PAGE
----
Chinese markets will be closed next week for the Lunar New Year celebration. However, over the weekend, China will report its January reserve figures. The market suspects that the PBOC burnt through another $120 bln of reserves.
China's reserves stood at $3.81 trillion in January 2015. There are expected to stand near $3.21 trillion as of the end of last month.
This draw down, coupled with its trade surplus and the pressure on the currency has led many to express concerns about capital outflows from China. While we recognize there have been outflows, we suspect the market is exaggerating the outflows and misunderstanding the outflows that are taking place. We make three points.
First, the dollar-value of the reserves are impacted by the change in asset prices. The easiest part of the valuation to grasp is the exchange rate. Suppose at the start of 2015 China had $1 trillion of its reserves in euros. The euro fell 10% against the dollar last year. If the PBOC did not do a thing, this would suggest a $100 bln decline in the value of the reserves. Of course, officials do not just keep the reserve in cash but invest in assets, particularly bonds. That has been to take into account as well.
Second, many observers confuse China's merchandise trade balance with its current account balance. It is true that China runs a large merchandise surplus. In 2015, the merchandise trade surplus stood at a little more than $600 bln. However, China runs a service deficit and this offsets half of the merchandise surplus. The current account surplus stood at $271 bln last year.
Using the current account balance rather than the trade balance is more rigorous. It suggests that capital outflows were not as large as those who use the merchandise trade balance assume.
Third, the impression that many journalists and economists have is that the capital outflows are due to pessimism about the trajectory of the economy. We suggest that a good part of the capital outflows are actually a healthy development.
The Institute of International Finance, a consortium of private sector financial firms estimates that the capital outflows from China last year were largely a function of Chinese companies paying down their dollar debt. In recent years, China companies were large dollar borrowers. The IIF says points to the decline in foreign exchange loans, the decline in non-resident yuan deposits, and the increase in dollar deposits of onshore entities.
Addressing the currency mismatch by Chinese corporations is wholly desirable. These capital outflows are healthy and necessary. They need not be a reflection of some dire assessment of the Chinese economy. If China is trying to break out of the trilemma by making its currency more flexible and Federal Reserve has warned that it is going to raise rates, then covering dollar liabilities is not some non-confidence vote, but prudent debt management.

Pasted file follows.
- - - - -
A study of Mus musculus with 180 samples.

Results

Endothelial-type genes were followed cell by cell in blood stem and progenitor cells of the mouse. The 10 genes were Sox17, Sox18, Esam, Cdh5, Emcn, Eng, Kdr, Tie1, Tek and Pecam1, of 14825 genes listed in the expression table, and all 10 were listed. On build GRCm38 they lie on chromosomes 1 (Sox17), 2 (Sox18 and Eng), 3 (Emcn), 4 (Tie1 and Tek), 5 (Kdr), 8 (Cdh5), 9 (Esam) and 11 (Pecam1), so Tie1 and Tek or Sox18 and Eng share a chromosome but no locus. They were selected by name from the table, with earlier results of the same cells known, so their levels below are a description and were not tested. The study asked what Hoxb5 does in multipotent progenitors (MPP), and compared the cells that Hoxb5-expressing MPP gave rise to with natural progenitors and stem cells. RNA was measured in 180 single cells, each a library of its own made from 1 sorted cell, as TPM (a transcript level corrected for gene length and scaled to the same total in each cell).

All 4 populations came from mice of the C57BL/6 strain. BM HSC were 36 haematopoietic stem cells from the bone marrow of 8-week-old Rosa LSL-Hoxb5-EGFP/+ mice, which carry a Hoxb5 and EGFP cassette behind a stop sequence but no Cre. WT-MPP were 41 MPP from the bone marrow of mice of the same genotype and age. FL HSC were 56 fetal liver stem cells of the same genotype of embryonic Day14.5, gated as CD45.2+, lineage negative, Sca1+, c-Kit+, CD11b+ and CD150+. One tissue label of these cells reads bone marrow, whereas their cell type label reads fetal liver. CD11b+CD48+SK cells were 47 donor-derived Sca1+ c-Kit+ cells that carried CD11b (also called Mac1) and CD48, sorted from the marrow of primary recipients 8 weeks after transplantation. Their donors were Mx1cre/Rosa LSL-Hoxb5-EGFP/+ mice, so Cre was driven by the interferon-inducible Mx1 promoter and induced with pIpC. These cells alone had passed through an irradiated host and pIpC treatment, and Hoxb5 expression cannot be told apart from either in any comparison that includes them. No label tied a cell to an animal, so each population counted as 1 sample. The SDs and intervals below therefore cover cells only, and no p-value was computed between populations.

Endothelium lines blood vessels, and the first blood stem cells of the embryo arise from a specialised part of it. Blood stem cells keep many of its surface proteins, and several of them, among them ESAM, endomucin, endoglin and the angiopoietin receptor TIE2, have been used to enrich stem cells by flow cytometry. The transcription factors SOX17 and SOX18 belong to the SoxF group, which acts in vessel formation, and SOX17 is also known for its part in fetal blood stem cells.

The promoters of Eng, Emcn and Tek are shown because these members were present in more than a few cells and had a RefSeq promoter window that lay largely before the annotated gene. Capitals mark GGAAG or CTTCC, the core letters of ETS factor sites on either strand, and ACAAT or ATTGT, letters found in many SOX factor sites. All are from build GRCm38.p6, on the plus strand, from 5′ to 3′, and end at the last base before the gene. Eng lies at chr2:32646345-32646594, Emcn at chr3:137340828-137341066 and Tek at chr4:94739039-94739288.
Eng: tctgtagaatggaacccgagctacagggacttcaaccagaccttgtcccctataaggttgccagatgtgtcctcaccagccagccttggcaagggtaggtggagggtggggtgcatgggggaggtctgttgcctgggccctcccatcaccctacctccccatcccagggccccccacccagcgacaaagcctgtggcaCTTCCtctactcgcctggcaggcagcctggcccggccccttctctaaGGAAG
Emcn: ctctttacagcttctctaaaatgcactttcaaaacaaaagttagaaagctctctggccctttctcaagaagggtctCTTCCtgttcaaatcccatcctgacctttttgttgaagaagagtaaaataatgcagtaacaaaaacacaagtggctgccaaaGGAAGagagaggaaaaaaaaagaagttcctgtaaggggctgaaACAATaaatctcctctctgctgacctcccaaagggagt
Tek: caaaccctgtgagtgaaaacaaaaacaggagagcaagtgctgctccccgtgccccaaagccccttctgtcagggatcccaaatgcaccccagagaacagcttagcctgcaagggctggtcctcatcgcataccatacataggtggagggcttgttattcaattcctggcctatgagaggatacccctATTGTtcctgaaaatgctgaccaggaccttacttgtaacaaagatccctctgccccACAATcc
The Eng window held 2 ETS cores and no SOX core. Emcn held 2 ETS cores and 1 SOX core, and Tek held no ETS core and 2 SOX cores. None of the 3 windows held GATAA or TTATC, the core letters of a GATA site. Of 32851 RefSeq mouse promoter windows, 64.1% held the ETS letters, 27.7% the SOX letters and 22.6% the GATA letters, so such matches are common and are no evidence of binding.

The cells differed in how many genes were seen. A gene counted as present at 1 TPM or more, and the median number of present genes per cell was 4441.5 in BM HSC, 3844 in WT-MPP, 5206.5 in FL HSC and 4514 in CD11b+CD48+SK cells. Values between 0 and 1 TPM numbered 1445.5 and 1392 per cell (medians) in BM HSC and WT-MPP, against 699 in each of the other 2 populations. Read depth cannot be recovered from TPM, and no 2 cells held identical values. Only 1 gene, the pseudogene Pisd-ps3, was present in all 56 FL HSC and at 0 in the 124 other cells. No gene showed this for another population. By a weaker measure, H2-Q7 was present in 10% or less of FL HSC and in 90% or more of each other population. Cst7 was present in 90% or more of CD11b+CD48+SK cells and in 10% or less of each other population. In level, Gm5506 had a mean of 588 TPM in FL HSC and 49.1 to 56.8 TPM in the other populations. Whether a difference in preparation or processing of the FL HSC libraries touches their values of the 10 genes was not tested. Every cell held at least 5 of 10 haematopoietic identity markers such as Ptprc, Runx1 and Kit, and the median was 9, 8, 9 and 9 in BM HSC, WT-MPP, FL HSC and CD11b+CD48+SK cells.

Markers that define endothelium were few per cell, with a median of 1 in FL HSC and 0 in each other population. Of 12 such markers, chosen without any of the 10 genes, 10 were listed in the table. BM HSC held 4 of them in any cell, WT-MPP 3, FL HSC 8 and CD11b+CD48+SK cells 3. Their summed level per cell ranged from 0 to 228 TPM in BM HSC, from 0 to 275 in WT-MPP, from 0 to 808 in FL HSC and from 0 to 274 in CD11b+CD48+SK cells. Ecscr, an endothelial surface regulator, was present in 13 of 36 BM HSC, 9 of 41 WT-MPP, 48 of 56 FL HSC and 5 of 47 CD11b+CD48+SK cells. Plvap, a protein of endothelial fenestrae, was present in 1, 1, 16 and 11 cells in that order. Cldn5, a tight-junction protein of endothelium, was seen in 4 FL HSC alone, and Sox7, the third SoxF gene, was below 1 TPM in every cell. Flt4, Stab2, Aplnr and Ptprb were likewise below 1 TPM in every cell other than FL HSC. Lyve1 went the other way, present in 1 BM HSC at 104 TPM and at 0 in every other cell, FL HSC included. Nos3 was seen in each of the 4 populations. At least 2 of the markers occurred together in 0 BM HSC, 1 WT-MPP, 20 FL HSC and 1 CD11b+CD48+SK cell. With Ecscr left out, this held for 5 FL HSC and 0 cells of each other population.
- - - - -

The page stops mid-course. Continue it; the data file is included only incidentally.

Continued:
There are a few mitigating factors to note. The IIF data is mostly through Q3 though it tracks and makes estimates for Q4 15. It finds that recently individuals have also reduced their dollar liabilities. The IIF also notes that some Chinese corporations have increased their dollar exposure through trade credits.
Finally, there is the plug factor. The balance of payments by definition should balance. To the extent they don't, officials use "errors and omissions" to make force the balance. China's errors and omissions are large. In Q3, the errors and omissions were larger than the current account surplus. The $271 bln current account surplus in 2015 had $216 bln in errors and omissions.
Intuitively, in the emerging market space, and China, in particular, the errors and omissions are likely capital outflows. The IFF estimates capital outflows from China were $460 bln, but could be as much as $676 bln if the errors and omissions were indeed capital outflows.
China has the rotating leadership of the G20. It wants to have the global financial architecture on the agenda. However, we feel confident that China is not about to seek the help of the G7 or G20 to help the PBOC stabilize the yuan, as some have suggested. Nor can we conceive that the US has any interest in intervening to sell dollars and buy yuan in a Plaza II-type agreement that some in the media and analysts have discussed.
The AIIB is going to lend dollars. The PBOC proposal several years ago to use the SDR to supplant the dollar is a non-starter. The SDR is not really money. It is a unit of account. Not a means of exchange or a store of value. The head of the National People's Congress foreign affairs committee acknowledged in his recent op-ed in the Financial Times that although China can be critical of what is calls the "US world order", it does not have an alternative.